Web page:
Seeing Dog etiquette – 5 things to remember
The UK is a nation of pet lovers. In the UK, it’s estimated that 12 million (44 percent of) households have pets, with around 51 million pets owned, according to estimated figures from the Pet Food Manufacturers’ Association (PFMA).
So, when we see a Seeing Dog in a public place like a coffee shop, a supermarket or library looking smart and knowing the very important job they do, we seem all the more compelled to want to go over and stoke them.
But it is very important for people to know that Seeing Dogs, have been specially bred, selected and trained to be the guiding eyes for people who are blind or visually impaired. Consequently, there are several guidelines people should follow when in the presence of a Seeing Dog to ensure you act responsibly and do not distract them from their very important job: –
1. Speak to the handler, not the Seeing Dog
Ask questions about the dog to the handler and how you should act around them if you’re unsure. Some handlers will allow their Seeing Dog to be petted whereas others may prefer them not to be distracted. Be sure to speak to the handler at an appropriate time and not when the handler is clearly trying to get somewhere.
If you think a blind person needs help then do not be shy to ask if you can help. You don’t need to use unusual language. Just speak to them as if they are sighted. If they ask for help crossing a road then their dog will be on their left side. Just allow them to hold on to your left elbow and escort them across. Please do not do the opposite and grab them1.
2. Please give Seeing Dogs right of way
Please remember to give Seeing Dogs and their handlers space when guiding. It is also important to remember that they are permitted in public places. The Equality Act 2010 states that all businesses and organisations have a legal responsibility to provide “reasonable adjustment” in meeting the needs of people with disabilities, whether this relates to wheelchair or animal access.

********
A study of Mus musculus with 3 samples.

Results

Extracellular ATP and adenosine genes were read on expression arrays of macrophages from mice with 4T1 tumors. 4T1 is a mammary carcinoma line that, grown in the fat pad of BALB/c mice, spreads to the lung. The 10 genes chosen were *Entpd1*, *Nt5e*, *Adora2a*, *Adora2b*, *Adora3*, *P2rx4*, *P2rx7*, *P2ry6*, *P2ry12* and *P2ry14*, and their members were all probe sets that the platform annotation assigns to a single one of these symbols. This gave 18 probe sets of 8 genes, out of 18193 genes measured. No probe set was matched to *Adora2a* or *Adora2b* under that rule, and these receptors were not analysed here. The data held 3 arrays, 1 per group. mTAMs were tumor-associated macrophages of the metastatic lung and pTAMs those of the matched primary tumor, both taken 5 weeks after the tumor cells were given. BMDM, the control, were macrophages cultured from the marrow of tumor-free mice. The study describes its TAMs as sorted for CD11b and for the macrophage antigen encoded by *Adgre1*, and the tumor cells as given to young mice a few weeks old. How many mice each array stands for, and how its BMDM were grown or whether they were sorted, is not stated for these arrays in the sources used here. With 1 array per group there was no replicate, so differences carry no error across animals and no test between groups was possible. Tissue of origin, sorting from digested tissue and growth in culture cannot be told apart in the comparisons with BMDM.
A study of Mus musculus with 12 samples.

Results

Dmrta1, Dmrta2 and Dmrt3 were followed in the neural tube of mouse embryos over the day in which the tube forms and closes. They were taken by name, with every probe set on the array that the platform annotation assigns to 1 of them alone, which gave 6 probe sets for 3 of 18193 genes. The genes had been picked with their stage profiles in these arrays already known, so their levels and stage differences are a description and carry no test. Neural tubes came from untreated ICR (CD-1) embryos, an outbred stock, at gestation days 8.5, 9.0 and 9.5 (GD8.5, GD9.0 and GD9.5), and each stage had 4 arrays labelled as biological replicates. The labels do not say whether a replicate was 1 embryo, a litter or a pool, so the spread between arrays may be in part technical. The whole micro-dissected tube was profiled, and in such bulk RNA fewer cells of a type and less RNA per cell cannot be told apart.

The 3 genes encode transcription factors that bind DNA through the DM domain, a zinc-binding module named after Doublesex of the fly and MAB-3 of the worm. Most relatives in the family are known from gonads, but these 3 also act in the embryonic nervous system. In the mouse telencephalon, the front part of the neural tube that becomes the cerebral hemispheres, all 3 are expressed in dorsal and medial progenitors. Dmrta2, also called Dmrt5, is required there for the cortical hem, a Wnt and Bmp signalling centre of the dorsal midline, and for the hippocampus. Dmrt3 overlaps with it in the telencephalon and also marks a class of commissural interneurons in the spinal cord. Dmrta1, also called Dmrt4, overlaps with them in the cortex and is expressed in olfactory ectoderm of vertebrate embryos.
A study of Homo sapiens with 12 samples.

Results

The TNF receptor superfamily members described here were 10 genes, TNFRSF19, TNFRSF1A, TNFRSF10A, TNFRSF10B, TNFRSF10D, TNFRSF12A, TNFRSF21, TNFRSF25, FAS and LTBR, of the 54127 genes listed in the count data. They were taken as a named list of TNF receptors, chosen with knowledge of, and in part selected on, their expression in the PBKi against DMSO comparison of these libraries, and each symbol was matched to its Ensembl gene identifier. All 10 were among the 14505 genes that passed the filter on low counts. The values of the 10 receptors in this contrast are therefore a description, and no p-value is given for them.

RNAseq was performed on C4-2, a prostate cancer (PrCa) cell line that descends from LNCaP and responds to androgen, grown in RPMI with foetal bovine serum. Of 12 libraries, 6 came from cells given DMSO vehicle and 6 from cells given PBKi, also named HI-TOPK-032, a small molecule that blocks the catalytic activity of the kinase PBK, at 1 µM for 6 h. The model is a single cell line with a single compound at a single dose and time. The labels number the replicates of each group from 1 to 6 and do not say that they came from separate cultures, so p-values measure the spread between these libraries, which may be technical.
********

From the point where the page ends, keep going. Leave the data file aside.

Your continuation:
3. Please don’t interfere when the handler is correcting their dog
Everyone can make a mistakes and Seeing Dogs are no exception. Sometimes, corrections may seem abrupt but a handler has undergone training from experts to ensure they are properly skilled to work with their dog.
4. Respect their harness!
If you are walking your own dog and pass by a Seeing Dog you may think it nice if they could meet-and-greet each other. However, please remember that this is another distraction for the Seeing Dog, which is doing its work when out with its owner and wearing its harness.
Ask the owner if it’s ok to introduce your dog to theirs and please respect their answer. Although they might look like other pet dogs, Seeing Dogs have a very important job. When their harnesses are on, they are working hard. Other dog owners and their dogs might not recognise this and want to play, so please keep other pets on a lead and at a distance.
5. Please do not ever feed a Seeing Dog!
ALL dogs, love treats but offering a Seeing Dog food, is a distraction from their important work. Having someone other than their handler offering them food could have an impact on the partnership between their owner/handler who is the focus of their attention. Also, please bear in mind, that the dog may have food allergies or be on a particular feeding schedule or routine which needs to be closely followed so they stay in tip-top condition.